The school year’s first day began with a moment of silence for Michael Doran.
The principal, whom many saw as the heart and soul of Wootton High, normally would have greeted students as they climbed off their buses, joked with them in the hallways, pilfered their french fries at lunch, dropped into their classrooms. But he was gone, an unexpected blow at a high-performing Maryland school that already had endured its share of recent losses.
As Maryland’s largest school system kicked off a new school year Monday, Wootton remembered Doran and tried to find its footing without its principal of 12 years. Doran died Aug. 19 at his Bethesda home due to a previously unknown heart problem, according to a family spokeswoman.
The loss came as the latest in a series of heartbreaks for the Wootton community, which has seen five students or recent graduates die during the past few years, two in suicides and three of injuries from car crashes. It was Doran who brought an anguished community together to grieve and heal.
“He always knew what to say, he always had the best hugs,” said Sophia Teicher, a senior who recalled Doran’s comforting presence at vigils following a June car wreck that left two Wootton teenagers dead. “He was very powerful with his words, and if he said something it meant something.”
As students gathered in their homerooms Monday, the acting principal, Kimberly Boldon, spoke of the longtime principal during morning announcements. Doran was 64, remembered as a spirited, empathetic and witty leader who wanted his school to be the best and had no plans to retire.
“Dr. Doran loved Wootton, and he loved you, the students of Wootton, especially,” Boldon said. School counselors and grief counselors were on hand to help students who need support, she said.
“I truly believe he would want us to be the best we can be by supporting each other, by learning a lot, and by getting involved in our community,” Boldon said. “I believe greatness can come from this tragedy, and it is up to all of us to make this the best year possible.”
The PTSA bought red rubber bracelets that said “#woottonstrong” on one side and “Do it for Doran!” on the other that were given to students. Many students wore the bracelets throughout the day.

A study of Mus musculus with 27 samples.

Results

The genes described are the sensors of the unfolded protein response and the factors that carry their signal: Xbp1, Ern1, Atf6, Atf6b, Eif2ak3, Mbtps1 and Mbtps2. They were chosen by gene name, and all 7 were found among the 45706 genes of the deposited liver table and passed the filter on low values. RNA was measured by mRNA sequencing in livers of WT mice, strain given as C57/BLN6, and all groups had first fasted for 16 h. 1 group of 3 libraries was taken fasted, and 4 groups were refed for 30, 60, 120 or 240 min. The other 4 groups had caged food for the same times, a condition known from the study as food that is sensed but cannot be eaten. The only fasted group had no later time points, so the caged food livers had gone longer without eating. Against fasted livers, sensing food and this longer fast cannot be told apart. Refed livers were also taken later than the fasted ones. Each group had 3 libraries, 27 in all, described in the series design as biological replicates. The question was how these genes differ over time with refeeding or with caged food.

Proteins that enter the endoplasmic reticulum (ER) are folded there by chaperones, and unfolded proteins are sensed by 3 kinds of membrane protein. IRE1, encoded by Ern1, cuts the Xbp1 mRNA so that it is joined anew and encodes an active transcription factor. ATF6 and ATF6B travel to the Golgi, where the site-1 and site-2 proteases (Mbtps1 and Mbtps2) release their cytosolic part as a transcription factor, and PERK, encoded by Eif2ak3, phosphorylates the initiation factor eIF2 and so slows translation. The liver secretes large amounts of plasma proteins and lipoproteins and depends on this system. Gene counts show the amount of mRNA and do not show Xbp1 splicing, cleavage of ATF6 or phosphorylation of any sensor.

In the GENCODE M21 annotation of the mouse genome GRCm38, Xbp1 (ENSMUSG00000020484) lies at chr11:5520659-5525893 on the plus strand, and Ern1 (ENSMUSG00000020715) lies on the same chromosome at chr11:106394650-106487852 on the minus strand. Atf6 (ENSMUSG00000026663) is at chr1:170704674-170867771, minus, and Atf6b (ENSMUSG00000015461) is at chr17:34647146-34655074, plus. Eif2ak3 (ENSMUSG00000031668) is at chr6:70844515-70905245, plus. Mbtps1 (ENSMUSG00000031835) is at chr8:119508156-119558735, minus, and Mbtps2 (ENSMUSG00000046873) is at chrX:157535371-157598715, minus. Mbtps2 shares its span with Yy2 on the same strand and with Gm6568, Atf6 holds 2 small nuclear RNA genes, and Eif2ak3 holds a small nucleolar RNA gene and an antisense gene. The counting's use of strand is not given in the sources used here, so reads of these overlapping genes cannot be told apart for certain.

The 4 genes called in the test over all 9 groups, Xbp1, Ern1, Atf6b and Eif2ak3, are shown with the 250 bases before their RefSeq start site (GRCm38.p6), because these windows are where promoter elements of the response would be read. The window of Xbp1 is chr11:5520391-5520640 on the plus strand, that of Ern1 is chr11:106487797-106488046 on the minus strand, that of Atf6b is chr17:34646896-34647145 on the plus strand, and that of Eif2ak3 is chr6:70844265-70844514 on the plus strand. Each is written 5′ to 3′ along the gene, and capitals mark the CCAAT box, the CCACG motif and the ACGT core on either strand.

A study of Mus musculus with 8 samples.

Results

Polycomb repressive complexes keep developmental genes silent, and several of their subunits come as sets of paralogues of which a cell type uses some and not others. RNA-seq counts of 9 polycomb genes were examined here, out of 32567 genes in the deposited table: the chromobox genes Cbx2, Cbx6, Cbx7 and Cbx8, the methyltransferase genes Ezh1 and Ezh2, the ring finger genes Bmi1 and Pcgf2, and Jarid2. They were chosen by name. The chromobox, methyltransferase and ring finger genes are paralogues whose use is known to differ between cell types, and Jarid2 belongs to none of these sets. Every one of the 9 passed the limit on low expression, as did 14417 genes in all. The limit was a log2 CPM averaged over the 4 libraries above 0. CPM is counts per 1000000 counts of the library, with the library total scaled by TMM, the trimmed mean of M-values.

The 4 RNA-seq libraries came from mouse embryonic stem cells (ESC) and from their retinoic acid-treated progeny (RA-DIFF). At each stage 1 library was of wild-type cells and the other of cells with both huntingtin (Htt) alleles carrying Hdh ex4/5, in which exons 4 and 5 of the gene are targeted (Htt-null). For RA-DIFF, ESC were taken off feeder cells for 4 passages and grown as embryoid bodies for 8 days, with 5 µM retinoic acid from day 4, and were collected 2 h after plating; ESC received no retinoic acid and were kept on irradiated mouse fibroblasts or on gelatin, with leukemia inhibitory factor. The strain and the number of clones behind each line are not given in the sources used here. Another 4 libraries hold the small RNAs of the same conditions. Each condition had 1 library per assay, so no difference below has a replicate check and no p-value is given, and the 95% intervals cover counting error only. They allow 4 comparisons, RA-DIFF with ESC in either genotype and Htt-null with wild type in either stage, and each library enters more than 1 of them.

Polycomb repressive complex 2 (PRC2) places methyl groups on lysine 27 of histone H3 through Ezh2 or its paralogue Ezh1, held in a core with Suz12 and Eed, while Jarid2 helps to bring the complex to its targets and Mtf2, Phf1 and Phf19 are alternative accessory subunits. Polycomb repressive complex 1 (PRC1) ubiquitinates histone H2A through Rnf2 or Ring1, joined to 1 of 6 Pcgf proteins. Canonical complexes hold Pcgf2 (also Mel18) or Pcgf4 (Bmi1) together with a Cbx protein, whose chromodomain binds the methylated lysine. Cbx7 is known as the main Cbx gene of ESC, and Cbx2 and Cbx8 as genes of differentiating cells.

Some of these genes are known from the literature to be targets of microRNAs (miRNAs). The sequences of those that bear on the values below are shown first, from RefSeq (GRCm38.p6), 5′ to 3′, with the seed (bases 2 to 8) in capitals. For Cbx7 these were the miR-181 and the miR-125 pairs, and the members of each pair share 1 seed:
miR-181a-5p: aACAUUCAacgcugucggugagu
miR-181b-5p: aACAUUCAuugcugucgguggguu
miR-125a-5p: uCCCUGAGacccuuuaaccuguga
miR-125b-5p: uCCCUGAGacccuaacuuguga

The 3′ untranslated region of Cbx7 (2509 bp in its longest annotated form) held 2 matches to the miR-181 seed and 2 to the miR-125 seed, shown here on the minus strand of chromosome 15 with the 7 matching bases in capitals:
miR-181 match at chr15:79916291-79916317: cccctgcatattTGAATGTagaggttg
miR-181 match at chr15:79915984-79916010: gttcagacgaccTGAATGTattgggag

“He really was the glue that kept the school and the community together,” said Karen Whitesell, a mother of two who noted that many parents appreciated that Doran was not focused on only the most successful Wootton students, but on all students.
The return to classes at Wootton came as Montgomery County projected a record enrollment of 156,514 students in its 202 schools, an increase of 2,662 since last year. School officials and elected leaders gathered at an event in the Wheaton area to highlight the need for more school construction funding and to outline other district goals.
Schools also opened Monday in Loudoun and Prince William counties in Virginia, with other districts in the Washington region starting last week or next week.
At Wootton, the return to classes followed a service Aug. 21 that brought an estimated 3,000 people to the Rockville school’s athletics field to celebrate Doran’s life and impact. The night was a blend of humorous recollection and deeply emotional tribute, mingled with performances that included “Danny Boy” and “When Irish Eyes Are Smiling” for the Irish-born educator.
Doran, who taught in Montgomery for 18 years and in Fairfax County schools for a decade, was remembered for his playful humor and British accent, the sincerity of his connection to students and staff, and his immense pride in all things Wootton. His school regularly ranked among the top high schools in Maryland for its SAT scores, graduation rates and Advanced Placement performance, district officials said.
Doran displayed his intensity at athletic events, occasionally howling at a referee’s call during a soccer game. Win or lose, he liked to tell each player exactly what he appreciated about their performance, said Doug Schuessler, the boys varsity soccer coach. “There was no mistaking when he was at the games,” he said.
Doran also showed great enthusiasm for theater shows, orchestra concerts, whatever his students chose to do. He watched the live stream of the national finals of League of Legends, a multi-player online video game, “even though he had no clue what was going on the entire time, just to cheer on the Wootton kids,” said Chris Hechler, a senior.
“He was so proud of every single achievement that we all made,” Hechler said. “He showed us what it looked like to be so supportive, no matter what.”
For many, it was the tough times in recent years that especially stood out.
“Dr. Doran has been the rock for all our tears and pain,” Melanie McLean, president of the Student Government Association, said at the service. “He has been our leader and he has been our home base. He has always had more than exactly the right words to heal us.”
Thinking about what he would want, she said: “He would tell us to come together as a community because there is no other way to get through it.”
Many seniors said they were sad that Doran will not be at the graduation for the class of 2016, saying they had looked forward to him handing them their diplomas and delivering the Irish blessing he gave at every such ceremony: “May you have warm words on a cool evening, a full moon on a dark night, and a smooth road all the way to your door.”
But since Doran’s death, Wootton’s sports teams have been working on an effort to get a patch made for athletic uniforms that will memorialize the popular principal.
Al Mirzania, a senior and co-captain on the soccer team, said it would be difficult not seeing Doran again. But he said the principal would live on in spirit at Wootton games. “It seems like he’s here in our hearts and watching over,” he said.